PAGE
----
Torontonians are being warned of an invasive species growing along the city's nature trails. Hikers are revealing the dangers of brushing up against wild parsnip in Toronto, a.k.a. poison parsnip. This plant is typically spotted in eastern and southern Ontario.
Patches of wild parsnip have been spotted along Lower Don Trail, a popular hiking spot in the city. A Reddit post on Tuesday warned residents to avoid contact with plant, which is known to strip your skin’s ability to fight off UV rays.
“I’ve seen giant swaths of this plant, tens of thousands of plants strong along the 401 for the last few years, creeping toward the GTA," the Redditor wrote.
"If you see it, yank it out carefully with gloves and don’t touch with your bare skin."
According to the government of Ontario, the plant contains chemicals that can cause increased skin sensitivity in sunlight and severe dermatitis.
It falls in a similar category to giant hogweed or cow parsnip, which have similar effects on the skin, reports Durham Region. However, giant hogweed is significantly worse.
The City of Toronto told Narcity in an email that these plants are being managed and removed.
“The City of Toronto is managing the safe removal of giant hogweed/cow parsnip, as it is identified, to ensure that Toronto parks and trails are safe and enjoyable spaces for all,” the City wrote.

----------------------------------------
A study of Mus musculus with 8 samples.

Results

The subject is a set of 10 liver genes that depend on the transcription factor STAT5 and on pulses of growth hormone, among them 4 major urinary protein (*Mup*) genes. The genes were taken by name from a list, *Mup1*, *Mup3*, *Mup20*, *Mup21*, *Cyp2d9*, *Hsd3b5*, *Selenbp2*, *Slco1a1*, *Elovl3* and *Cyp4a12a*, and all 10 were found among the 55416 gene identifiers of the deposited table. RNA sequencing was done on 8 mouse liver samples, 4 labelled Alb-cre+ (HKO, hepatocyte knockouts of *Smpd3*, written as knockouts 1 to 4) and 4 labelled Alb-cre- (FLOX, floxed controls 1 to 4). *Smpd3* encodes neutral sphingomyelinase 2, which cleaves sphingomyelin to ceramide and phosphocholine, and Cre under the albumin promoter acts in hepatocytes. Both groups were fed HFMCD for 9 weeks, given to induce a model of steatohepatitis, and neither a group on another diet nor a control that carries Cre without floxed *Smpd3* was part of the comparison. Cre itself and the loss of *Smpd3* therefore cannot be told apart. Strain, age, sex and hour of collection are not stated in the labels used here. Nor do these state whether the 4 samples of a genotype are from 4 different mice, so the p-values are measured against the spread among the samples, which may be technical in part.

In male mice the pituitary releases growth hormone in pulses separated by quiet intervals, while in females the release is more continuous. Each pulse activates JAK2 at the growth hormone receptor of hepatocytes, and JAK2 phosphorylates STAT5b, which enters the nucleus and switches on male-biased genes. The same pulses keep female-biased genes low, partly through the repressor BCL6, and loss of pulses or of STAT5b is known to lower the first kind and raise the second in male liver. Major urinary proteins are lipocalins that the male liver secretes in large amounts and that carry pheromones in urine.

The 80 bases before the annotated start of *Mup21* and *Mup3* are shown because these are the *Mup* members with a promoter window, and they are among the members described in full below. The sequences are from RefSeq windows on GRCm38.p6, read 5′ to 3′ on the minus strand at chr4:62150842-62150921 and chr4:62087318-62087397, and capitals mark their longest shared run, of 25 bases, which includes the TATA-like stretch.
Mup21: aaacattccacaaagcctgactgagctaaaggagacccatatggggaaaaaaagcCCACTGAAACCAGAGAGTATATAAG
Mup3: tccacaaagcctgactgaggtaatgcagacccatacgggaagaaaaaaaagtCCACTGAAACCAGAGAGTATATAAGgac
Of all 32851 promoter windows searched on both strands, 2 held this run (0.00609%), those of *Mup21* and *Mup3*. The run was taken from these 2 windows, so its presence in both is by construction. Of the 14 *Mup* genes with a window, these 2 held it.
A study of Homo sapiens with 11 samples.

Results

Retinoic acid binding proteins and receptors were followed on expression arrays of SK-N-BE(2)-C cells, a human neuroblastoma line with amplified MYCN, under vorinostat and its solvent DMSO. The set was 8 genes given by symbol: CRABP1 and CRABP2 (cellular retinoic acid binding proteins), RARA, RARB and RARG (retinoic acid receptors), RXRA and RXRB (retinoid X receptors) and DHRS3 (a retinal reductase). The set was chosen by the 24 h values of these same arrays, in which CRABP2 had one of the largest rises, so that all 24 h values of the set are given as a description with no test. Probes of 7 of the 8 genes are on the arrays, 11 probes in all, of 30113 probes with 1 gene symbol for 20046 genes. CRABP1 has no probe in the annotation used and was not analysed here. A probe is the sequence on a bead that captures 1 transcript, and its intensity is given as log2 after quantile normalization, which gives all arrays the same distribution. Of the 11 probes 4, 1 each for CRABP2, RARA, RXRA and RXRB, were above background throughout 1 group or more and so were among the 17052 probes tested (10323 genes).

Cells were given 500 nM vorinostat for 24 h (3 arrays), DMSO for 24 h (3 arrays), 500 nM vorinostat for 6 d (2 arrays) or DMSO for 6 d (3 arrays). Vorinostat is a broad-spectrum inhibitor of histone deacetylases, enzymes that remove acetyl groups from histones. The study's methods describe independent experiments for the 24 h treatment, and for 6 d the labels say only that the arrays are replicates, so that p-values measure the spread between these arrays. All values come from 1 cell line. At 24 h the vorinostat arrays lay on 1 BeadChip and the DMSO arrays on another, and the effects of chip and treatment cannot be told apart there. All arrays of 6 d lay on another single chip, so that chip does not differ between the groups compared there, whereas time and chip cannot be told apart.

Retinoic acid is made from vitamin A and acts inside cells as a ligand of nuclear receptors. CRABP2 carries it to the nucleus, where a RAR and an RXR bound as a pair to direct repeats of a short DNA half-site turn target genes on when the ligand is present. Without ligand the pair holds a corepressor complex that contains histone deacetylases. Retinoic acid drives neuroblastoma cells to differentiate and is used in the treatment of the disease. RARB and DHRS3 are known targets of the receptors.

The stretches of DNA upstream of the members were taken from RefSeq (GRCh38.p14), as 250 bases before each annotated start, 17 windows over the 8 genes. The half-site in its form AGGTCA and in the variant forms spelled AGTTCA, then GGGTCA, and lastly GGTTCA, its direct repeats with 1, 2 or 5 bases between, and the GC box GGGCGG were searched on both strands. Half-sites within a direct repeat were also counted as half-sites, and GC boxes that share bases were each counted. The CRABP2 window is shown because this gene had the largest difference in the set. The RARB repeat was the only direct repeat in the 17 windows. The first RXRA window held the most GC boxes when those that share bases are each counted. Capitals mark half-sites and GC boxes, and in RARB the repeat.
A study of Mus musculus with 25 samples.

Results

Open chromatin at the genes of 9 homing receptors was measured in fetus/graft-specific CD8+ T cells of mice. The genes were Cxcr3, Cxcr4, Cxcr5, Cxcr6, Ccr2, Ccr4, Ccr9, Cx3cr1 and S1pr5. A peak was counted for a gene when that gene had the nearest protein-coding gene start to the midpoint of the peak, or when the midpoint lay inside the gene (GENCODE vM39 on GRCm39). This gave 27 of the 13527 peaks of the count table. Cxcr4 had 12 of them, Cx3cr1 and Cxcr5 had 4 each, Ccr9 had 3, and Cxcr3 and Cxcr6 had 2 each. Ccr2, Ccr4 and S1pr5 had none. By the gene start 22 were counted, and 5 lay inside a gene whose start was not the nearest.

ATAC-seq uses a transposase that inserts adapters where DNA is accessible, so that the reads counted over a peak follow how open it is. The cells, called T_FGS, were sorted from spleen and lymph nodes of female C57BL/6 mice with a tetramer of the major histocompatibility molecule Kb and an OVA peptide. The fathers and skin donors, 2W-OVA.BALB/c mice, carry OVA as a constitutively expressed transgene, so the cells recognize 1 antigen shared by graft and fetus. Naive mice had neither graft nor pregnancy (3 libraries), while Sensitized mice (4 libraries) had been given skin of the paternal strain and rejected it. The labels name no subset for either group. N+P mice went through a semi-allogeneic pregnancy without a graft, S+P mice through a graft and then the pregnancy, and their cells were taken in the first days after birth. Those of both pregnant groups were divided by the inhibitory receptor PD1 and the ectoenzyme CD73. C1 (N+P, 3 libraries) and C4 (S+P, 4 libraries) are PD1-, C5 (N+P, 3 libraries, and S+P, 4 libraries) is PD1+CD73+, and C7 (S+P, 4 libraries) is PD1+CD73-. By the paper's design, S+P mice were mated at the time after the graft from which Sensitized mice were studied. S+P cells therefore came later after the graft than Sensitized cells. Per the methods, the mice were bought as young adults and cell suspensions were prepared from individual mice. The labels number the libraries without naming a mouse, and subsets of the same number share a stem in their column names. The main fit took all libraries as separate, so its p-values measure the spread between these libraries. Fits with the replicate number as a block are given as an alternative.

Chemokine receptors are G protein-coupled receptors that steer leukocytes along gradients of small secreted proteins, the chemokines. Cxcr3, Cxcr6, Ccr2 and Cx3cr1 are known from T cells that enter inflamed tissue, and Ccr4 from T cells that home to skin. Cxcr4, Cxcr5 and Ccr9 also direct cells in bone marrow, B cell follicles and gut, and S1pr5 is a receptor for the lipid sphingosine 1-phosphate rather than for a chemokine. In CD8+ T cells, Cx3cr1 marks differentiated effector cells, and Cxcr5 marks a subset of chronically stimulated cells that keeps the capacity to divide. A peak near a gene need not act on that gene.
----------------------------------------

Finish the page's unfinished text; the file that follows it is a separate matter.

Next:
"Since the City developed a management strategy for these invasive plants, there’s been a population decrease. The strategy includes hazardous vegetation removal/control."
The City also stated that staff routinely monitor parks and green spaces for invasive plant species such as wild parsnip and hogweed.
Residents are asked to report any sightings of invasive or harmful plants by calling 311. Removing the plants yourself is, of course, not recommended.
It’s worth noting that there currently are only two spots in Toronto where hogweed and wild parsnip have been reported. These include Taylor Creek Park in East York and downtown's Lower Don Trails.
Thankfully, Toronto is home to many other hiking trails, even hidden ones that involve waterfalls and, as far as we know, no hogweed.